I am reading The Philadelphia Inquirer on December 31. It says there will be one extra second at the moment of midnight. Time, which I thought was immutable, is apparently negotiable. This bothers me. I do research. England and France are arguing about the correct time and the earth encounters friction in the atmosphere. I find out that atomic clocks lift streams of atoms like fountains. I write "Leap Second."
Writing puts me on alert.
Ideas ambush me. I conduct left-brain research that floods me with new lenses and new language. I discover hidden connections, put disparate things in proximity, collide everyday moments with big ideas. I look for the layers and juxtapositions that take words from description to insight. I enter other disciplines—botany, physics—as an amateur, a tourist of thought. I poke around, learn the idiom and report back.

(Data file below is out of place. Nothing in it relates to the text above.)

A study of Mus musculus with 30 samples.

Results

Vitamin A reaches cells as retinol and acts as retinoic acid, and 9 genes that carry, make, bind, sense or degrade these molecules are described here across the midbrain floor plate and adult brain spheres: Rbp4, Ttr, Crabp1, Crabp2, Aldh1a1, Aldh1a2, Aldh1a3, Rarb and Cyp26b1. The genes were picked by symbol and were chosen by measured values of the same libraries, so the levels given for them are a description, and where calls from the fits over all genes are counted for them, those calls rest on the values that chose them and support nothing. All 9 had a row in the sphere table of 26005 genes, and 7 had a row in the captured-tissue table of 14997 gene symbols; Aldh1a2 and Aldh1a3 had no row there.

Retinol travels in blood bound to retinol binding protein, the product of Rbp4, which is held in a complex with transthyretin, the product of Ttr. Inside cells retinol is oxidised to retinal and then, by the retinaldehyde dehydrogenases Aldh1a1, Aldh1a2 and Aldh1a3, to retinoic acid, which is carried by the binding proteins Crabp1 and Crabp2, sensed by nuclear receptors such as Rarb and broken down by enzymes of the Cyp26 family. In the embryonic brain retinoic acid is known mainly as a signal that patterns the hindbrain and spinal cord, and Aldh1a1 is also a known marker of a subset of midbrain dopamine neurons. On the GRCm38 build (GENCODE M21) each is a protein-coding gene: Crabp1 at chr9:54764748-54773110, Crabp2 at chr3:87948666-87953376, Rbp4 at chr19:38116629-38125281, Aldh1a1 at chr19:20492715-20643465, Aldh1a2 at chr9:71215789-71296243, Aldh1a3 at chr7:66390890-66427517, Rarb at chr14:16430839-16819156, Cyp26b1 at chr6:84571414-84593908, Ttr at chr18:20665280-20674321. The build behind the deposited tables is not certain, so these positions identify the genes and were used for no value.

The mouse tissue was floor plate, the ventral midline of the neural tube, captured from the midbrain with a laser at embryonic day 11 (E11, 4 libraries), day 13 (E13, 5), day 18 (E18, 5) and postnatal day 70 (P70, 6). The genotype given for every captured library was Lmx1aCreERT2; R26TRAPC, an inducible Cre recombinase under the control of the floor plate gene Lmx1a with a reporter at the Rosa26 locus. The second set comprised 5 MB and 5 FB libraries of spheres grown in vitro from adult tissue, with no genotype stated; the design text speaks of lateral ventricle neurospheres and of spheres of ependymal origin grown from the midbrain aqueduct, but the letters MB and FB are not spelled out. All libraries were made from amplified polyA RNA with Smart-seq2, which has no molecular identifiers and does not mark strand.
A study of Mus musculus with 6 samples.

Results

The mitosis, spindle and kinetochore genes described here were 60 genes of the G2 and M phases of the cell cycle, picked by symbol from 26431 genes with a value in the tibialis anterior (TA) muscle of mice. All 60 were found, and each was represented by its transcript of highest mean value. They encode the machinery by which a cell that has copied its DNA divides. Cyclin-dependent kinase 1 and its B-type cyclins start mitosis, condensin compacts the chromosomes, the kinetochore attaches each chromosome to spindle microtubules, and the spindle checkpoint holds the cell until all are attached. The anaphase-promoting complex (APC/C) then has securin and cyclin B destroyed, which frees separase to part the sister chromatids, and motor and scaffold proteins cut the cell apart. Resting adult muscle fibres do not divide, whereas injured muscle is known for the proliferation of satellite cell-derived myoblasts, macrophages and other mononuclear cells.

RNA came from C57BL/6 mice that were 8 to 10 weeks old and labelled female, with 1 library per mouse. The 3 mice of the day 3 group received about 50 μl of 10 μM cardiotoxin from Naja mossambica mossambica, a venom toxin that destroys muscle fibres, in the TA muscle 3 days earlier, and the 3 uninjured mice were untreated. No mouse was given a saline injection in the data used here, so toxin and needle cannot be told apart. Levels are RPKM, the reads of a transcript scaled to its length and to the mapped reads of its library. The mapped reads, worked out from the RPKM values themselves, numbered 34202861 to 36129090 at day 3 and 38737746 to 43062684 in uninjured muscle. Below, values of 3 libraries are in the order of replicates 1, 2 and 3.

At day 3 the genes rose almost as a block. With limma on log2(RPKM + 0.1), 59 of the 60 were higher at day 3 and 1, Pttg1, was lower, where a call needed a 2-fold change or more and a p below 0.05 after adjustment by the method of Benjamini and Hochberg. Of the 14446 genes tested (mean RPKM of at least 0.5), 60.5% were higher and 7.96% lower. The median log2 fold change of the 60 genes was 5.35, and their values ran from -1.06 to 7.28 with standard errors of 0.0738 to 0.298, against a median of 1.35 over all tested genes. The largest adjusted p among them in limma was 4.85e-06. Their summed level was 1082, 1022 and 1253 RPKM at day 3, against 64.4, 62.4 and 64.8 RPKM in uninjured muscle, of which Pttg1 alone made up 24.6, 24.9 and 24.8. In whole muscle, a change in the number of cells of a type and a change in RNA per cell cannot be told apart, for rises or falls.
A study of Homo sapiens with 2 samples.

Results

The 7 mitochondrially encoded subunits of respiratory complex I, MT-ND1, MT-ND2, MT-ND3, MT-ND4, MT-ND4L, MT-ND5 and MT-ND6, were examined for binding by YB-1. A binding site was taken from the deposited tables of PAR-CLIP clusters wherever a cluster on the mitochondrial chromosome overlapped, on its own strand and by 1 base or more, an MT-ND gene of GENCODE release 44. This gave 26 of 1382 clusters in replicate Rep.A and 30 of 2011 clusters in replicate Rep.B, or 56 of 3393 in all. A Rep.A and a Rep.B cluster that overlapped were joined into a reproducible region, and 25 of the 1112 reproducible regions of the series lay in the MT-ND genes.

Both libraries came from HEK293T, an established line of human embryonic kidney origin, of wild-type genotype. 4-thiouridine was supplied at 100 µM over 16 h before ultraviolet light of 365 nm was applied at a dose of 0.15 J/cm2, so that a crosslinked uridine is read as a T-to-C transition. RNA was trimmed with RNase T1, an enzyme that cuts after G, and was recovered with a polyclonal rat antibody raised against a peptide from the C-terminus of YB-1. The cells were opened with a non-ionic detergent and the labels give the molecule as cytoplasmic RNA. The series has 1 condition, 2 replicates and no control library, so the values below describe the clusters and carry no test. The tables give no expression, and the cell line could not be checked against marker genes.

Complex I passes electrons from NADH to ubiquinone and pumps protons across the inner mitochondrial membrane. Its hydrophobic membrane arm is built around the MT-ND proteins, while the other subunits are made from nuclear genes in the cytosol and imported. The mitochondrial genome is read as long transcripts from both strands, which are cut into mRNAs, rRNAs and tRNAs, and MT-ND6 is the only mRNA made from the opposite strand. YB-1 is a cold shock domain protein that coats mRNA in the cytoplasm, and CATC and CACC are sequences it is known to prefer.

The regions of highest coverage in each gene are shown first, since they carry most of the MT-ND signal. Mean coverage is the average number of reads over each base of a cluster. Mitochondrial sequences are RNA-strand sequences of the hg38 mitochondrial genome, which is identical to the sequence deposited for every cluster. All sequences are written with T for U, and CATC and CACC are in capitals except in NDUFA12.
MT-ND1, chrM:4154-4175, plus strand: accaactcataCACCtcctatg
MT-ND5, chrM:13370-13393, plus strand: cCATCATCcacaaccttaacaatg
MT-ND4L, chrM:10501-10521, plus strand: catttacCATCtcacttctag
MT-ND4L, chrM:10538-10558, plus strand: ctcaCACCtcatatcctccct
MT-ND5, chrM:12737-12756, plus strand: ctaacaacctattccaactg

I write poems.
Beth Feldman Brandt began writing poems on March 18, 2004 at 4:00 am in a hotel in New York City. Since then, her work has explored such divergent themes as ocean habitats, atomic clocks, herbal remedies and the Origin of Species.
In 2012, she collaborated with painter and book artist Claire Owen on Sage, a book of poems and images based on John Gerard's "The herbal, or, General history of plants" from 1633. Much of this work was created during two residencies at the Ragdale Foundation in 2009 and 2010. More about this project can be found here.
Her poem, "Transmutation," based on the life of Charles Darwin, was set to music by composer Andrew Litts as part of "Dialogues with Darwin," a collaborative project between the American Philosophical Society and Network for New Music, performed in February 2010. Also in 2010, her poem "The Ten Suggestions" was set to music by composer Alexis Ford.
She has published poems in Philadelphia Stories, Quay: A Journal of the Arts and the Mad Poet's Review. Her poem, "fault lines," was a finalist for the Haiku Year-in-Review by Broadsided Press in 2010.
Beth lives near Philadelphia but would always rather be at the beach.